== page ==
Olympic runners world record attempt to benefit Natl Down Syndrome Soc.

Posted: Updated:
By Catherine Holland By Catherine Holland
By Catherine Holland By Catherine Holland
By Catherine Holland By Catherine Holland
By Catherine Holland By Catherine Holland
By Catherine Holland By Catherine Holland

PHOENIX – When professional runner Andrew Lemoncello and his wife, Julie, welcomed their first child, Isla, in June, they were stunned to learn that she has Down Syndrome.

“It kind of took us by shock,” Lemoncello, who lives in Flagstaff, told 3TV’s Kaley O’Kelley.

They immediately turned to learning everything they could about Down Syndrome, and the more information they got, they more comfortable they became with what the future holds for their baby girl.
“The more learned about it, we realized this doesn’t have to be any kind of disability for her,” Lemoncello said. “She can do everything that anyone else does. The more information we got from the charities and the doctors, the better it made us feel.”

"We're having such a wonderful time raising her and helping her work on her strength and coordination everyday [sic]," he wrote on RunnerLife.co.uk. "She's a very happy baby and I wish she knew how much she inspires us."

The Lemoncellos also learned that there is all kinds of support available for families who have children with Down Syndrome.

“We realized there’s a whole community out there that we’re now a part of,” he continued.

And it’s for that community that Lemoncello is trying to set a world record.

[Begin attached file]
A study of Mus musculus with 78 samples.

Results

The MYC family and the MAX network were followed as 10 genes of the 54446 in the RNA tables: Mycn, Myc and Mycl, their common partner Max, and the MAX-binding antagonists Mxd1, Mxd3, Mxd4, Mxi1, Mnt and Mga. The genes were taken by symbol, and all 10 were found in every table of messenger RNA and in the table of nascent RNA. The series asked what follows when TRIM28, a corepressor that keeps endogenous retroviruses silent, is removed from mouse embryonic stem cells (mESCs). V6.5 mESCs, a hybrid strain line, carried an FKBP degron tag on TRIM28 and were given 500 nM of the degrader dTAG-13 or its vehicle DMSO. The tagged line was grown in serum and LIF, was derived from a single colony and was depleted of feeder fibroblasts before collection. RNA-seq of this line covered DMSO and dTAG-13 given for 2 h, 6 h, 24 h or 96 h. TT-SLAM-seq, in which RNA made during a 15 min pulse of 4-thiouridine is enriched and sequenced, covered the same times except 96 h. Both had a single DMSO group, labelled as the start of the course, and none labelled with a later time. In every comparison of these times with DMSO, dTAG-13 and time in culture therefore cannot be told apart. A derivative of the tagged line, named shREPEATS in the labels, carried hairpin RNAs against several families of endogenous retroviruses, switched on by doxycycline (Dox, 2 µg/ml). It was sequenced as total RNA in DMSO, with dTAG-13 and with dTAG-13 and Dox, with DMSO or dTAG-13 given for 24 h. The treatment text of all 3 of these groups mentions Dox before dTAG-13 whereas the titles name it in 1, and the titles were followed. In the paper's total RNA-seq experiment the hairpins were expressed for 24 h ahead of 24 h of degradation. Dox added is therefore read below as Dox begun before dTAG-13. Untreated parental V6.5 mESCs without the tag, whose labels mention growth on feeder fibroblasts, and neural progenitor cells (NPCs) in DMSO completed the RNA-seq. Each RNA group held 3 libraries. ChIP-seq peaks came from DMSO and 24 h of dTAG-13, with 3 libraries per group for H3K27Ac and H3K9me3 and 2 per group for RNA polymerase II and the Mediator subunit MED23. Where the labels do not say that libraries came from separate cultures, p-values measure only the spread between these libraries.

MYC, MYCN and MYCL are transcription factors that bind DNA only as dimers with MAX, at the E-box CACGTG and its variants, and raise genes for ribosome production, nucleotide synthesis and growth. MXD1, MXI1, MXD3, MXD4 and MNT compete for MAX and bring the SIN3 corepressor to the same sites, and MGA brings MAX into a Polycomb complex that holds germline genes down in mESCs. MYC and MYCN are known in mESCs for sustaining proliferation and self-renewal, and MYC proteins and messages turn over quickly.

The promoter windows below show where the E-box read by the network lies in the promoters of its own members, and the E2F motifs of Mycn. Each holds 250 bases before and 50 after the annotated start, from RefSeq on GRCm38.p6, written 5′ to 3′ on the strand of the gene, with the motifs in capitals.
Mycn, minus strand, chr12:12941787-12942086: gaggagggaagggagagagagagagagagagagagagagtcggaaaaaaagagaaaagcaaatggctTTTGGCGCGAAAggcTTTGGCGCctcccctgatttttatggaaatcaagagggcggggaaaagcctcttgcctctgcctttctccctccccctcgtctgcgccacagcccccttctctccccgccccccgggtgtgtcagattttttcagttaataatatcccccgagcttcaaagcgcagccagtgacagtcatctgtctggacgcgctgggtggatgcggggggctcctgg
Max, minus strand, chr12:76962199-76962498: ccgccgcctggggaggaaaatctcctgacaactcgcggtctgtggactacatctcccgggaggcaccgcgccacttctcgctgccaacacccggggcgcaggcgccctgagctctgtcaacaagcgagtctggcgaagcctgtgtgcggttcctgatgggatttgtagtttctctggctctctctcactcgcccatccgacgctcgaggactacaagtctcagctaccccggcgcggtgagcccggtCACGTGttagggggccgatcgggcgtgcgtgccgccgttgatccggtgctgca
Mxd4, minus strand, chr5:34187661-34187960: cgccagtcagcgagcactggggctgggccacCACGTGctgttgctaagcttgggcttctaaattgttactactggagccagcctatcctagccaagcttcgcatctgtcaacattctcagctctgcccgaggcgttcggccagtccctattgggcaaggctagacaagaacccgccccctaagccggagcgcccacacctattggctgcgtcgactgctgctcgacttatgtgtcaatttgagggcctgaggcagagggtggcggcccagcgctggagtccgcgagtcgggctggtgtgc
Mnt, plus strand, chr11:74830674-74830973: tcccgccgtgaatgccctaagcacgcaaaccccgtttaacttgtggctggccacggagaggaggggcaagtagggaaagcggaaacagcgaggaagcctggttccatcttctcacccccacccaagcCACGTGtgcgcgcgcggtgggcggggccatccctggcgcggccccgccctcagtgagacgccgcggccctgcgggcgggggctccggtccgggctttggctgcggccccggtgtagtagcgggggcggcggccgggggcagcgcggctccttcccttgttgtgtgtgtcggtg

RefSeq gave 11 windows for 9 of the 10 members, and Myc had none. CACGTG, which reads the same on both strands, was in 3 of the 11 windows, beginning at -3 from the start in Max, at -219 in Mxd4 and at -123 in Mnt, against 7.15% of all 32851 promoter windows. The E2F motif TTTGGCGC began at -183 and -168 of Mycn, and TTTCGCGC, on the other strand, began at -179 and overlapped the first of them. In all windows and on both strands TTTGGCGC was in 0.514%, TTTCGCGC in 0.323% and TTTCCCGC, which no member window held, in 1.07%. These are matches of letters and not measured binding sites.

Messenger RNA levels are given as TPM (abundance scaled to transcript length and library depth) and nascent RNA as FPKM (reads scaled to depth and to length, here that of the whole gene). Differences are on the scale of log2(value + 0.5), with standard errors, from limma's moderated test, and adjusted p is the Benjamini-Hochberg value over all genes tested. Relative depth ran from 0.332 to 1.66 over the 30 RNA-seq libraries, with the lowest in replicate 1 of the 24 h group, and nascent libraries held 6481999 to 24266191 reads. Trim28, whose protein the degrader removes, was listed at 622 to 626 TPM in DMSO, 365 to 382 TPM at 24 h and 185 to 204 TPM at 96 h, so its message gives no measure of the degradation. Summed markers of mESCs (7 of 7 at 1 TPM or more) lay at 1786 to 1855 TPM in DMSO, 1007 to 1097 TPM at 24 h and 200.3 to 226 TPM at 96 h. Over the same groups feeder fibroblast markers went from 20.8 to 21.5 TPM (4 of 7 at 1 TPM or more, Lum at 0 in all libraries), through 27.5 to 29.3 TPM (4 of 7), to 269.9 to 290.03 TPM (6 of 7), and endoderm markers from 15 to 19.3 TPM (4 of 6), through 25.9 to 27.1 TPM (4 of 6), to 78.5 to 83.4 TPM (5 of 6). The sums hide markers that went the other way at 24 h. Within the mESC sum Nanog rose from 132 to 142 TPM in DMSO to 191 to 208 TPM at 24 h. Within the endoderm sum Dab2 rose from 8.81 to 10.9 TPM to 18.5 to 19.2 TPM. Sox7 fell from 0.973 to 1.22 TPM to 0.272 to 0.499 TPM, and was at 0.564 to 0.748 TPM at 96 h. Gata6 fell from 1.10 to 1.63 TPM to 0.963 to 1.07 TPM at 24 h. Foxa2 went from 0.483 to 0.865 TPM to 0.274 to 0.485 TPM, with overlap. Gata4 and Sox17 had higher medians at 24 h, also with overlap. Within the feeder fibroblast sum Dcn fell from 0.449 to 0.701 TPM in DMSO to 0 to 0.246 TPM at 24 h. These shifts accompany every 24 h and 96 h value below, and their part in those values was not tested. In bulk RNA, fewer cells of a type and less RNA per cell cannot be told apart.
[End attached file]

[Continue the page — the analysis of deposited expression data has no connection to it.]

On Saturday, Oct. 19, Lemoncello with be at Chandler Fashion Center with two goals in mind.

     1. Smash the treadmill half-marathon world record
     2. Raise money for the National Down Syndrome Society (NDSS)

Not necessarily in that order.

The current treadmill half-marathon world record is 70 minutes. Lemoncello has done it in 63 minutes, so setting a new record should be relatively easy for the Olympic runner, especially with a crowd there to cheer him on.

“The bigger the crowd, the bigger the cheering, the faster he’s gonna go,” Julie said with a smile, little Isla, now 4 months old, happy in her arms. “It’s gonna be great.”

Cheering is fabulous, but it’s the fundraising part proud daddy Lemoncello really needs help with. His goal is $25,000, and he's almost there.

If you can't make it to the event, you can still make a contribution online at ndssyourway.kintera.org. Donations are tax deductible.

Every donation of $5 will be entered to win raffle prizes, including a year of free online coaching from mcmillanrunning.com (worth $1,500) as well as 3x24 week custom training programs (worth $175.99 each). The more you donate, the more raffle entries you get.

The National Down Syndrome Society has been the national advocate for people with Down Syndrome since 1979.

One in every 691 babies in the U.S. is born with Down Syndrome, which means they have a full or partial extra copy of chromosome 21. It’s the most common chromosomal condition. More than 400,000 people in the U.S. live with Down Syndrome – and they live full, active lives.

In addition to raising money for NDSS, Lemoncello also wants to raise awareness about Down Syndrome and help dispel some of the myths and misconceptions associated with it. He hopes Isla's story and his world-record attempt will do that. That's why he chose October, Down Syndrome Awareness Month, to go for the world record.

Lemoncello’s event starts at 3 p.m. Chandler Fashion Center is located at 3111 W. Chandler Boulevard.